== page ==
Fleishman Is in Trouble is compelling, clever, and at times fascinating, breathing new life into the tired divorce drama with complex writing and nuanced performances.
This review of Fleishman Is in Trouble season 1 is spoiler-free.
The divorce drama is nothing new, but a new interpretation of the divorce drama is a welcome respite from achingly miserable stuff like Marriage Story and Scenes From A Marriage. Fleishman Is in Trouble, a new FX on Hulu series adapted from the same-titled book by Taffy Brodesser-Akner, is a refreshingly modern and proudly unusual take on the formula, integrating a distinctly contemporary dating landscape and a notably lopsided perspective into an otherwise familiar tale of life having to awkwardly restart in middle age.
The series is named after Toby Fleishman (Jesse Eisenberg), a New York doctor who has just come out of a 15-year nightmare marriage to his wife, Rachel (Claire Danes), who, at least in the first two episodes, is depicted as being so awful that she has made their kids Solly (Maxim Jasper Swinton) and Hannah (Meara Mahoney Gross) – the latter especially – equally awful by sheer osmosis. Rachel, you see, is successful enough that Toby’s $300,000-a-year medical career seems like poverty, and the poky flat he’s living in post-separation is, to them, indistinguishable from a cardboard box under an overpass.
Toby is a specialist in the human liver, and what he most admires about it is its resilience; its ability to adapt and heal under great strain, and – perhaps most crucially – to eventually forget how much it was wronged in the first place. You don’t need me to draw the parallels here. But Toby – unusually for an Eisenberg character – is also a bit of a ladies’ man, and one of the first things he realizes after discovering the world of app-based dating is that he’s seen as a particularly fine catch by New York’s middle-aged singles scene.
When we meet Toby, he seems okay. He has recently hooked back up with some old friends, Libby (Lizzy Caplan) and Seth (Adam Brody), and is visibly excited by his new romantic possibilities, which are mostly rendered in a montage of sex scenes with different, often quite bizarre – at least in their appetites – women. Crucially, though, Toby remains the same throughout. At work, while dating, and with his friends, he is recognizably the same person, even while his personal life continues to be drastically upended and punctuated by new or at least new-ish experiences. This, I think, is vital.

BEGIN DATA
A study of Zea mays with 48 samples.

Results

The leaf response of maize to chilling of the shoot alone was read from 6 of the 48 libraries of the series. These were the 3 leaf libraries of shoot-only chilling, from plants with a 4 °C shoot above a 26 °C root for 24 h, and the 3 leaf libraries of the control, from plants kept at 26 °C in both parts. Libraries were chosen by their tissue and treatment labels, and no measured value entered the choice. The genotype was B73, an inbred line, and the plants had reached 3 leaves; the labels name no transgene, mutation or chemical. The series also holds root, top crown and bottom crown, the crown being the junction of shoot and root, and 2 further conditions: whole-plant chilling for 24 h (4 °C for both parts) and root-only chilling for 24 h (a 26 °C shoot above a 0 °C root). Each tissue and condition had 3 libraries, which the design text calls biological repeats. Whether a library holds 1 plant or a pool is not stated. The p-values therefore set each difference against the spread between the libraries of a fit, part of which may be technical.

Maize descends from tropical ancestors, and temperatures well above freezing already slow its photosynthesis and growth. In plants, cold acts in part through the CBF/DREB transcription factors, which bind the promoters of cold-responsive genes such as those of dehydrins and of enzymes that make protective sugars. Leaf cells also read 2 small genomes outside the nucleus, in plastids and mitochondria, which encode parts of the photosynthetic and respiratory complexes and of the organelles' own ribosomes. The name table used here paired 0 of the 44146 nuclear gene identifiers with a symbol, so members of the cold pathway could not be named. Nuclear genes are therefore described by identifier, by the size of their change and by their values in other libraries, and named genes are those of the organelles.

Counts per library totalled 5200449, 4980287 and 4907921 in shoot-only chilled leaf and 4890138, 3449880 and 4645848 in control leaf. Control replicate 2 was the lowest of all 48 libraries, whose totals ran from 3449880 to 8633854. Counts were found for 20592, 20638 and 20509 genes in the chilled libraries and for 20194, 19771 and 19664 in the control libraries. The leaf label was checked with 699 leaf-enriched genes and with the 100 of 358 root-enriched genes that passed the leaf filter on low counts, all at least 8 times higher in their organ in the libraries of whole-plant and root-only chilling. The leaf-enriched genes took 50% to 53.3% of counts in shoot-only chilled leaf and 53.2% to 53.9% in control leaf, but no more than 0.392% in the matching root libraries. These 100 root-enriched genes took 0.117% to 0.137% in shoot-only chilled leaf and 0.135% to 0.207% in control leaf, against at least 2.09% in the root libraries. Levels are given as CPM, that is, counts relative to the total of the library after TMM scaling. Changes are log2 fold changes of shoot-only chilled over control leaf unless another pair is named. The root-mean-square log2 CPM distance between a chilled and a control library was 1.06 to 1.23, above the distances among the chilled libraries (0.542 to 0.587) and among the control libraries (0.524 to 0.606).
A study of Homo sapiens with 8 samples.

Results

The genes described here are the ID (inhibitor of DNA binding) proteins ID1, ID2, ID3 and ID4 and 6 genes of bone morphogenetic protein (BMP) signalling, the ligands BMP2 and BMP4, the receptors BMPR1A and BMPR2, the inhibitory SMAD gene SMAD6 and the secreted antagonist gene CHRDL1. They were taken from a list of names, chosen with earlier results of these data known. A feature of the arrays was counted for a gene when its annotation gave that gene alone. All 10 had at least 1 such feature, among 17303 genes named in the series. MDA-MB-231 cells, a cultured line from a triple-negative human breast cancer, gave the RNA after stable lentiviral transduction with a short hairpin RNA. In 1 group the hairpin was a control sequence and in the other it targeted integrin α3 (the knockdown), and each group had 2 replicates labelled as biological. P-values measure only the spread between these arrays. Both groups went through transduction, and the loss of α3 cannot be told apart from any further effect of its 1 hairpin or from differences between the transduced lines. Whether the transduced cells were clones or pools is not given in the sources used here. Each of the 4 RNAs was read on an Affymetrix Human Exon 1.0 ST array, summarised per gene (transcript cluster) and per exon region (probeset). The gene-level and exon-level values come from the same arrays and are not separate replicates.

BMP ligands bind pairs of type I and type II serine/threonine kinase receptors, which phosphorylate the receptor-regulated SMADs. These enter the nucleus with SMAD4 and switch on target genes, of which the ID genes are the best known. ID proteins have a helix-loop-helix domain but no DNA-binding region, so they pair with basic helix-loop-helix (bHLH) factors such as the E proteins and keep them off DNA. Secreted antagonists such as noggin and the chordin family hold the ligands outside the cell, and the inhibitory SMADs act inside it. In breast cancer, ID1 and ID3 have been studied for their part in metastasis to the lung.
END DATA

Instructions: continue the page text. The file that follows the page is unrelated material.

And it’s vital because Toby seems like a nice guy. He cares about his patients at work. He mentions offhandedly that he wants to date older women, so he doesn’t inadvertently waste the time of anyone who’s hoping to start a family. He seems respectful to the women he dates, and they seem to respect him in turn. This stands in deliberately stark contrast to what we see and hear of Rachel. What we see of her in flashbacks is spiteful and superficial. Toby is so used to her pointless power-plays that when she drops the kids off one weekend and he later can’t get in touch with her, it takes him several days to realize that she seems to have disappeared.
What has potentially happened to Rachel forms a mystery, but the show doesn’t really dwell on it. Of more immediate importance seems to be how her sudden absence chafes against Toby’s new dating life and career opportunities. He’s seen as being very patient and understanding with his awful children, even as, on some level, he is becoming prone to throwing money at them and quietly resenting their presence. This isn’t to vilify Toby so much as to make a point that is reiterated in various forms elsewhere about how even people with seemingly perfect and admirable lives can come to see them as personal prisons.
Take Libby, for instance, a former journalist who never made good on her own dreams and has instead become a stay-at-home mom. She loves her husband and her kids, but it’s no accident that she actually narrates Toby’s story, seeing in him a wealth of exciting potential and personal fulfillment that she thinks has been closed off to her by her ostensibly happy family life. Seth is the same. He’s a single free spirit, but while the other characters see the upside in that, he feels the absence of the authentic human connections that both share with their significant others and children. To the other two, Seth seems free. But to Seth, he’s just lonely.
Thanks to Brodesser-Akner, who created the show and wrote seven of the eight episodes, these nuanced performances are married perfectly to complex writing. This is a deeply introspective and contemplative story that thankfully doesn’t fall for the trap of being maudlin and tedious, exploring how we fit together and fall apart in a way that is truthful, funny, and perhaps even hopeful.
You can stream Fleishman Is in Trouble season 1 with a subscription to Hulu.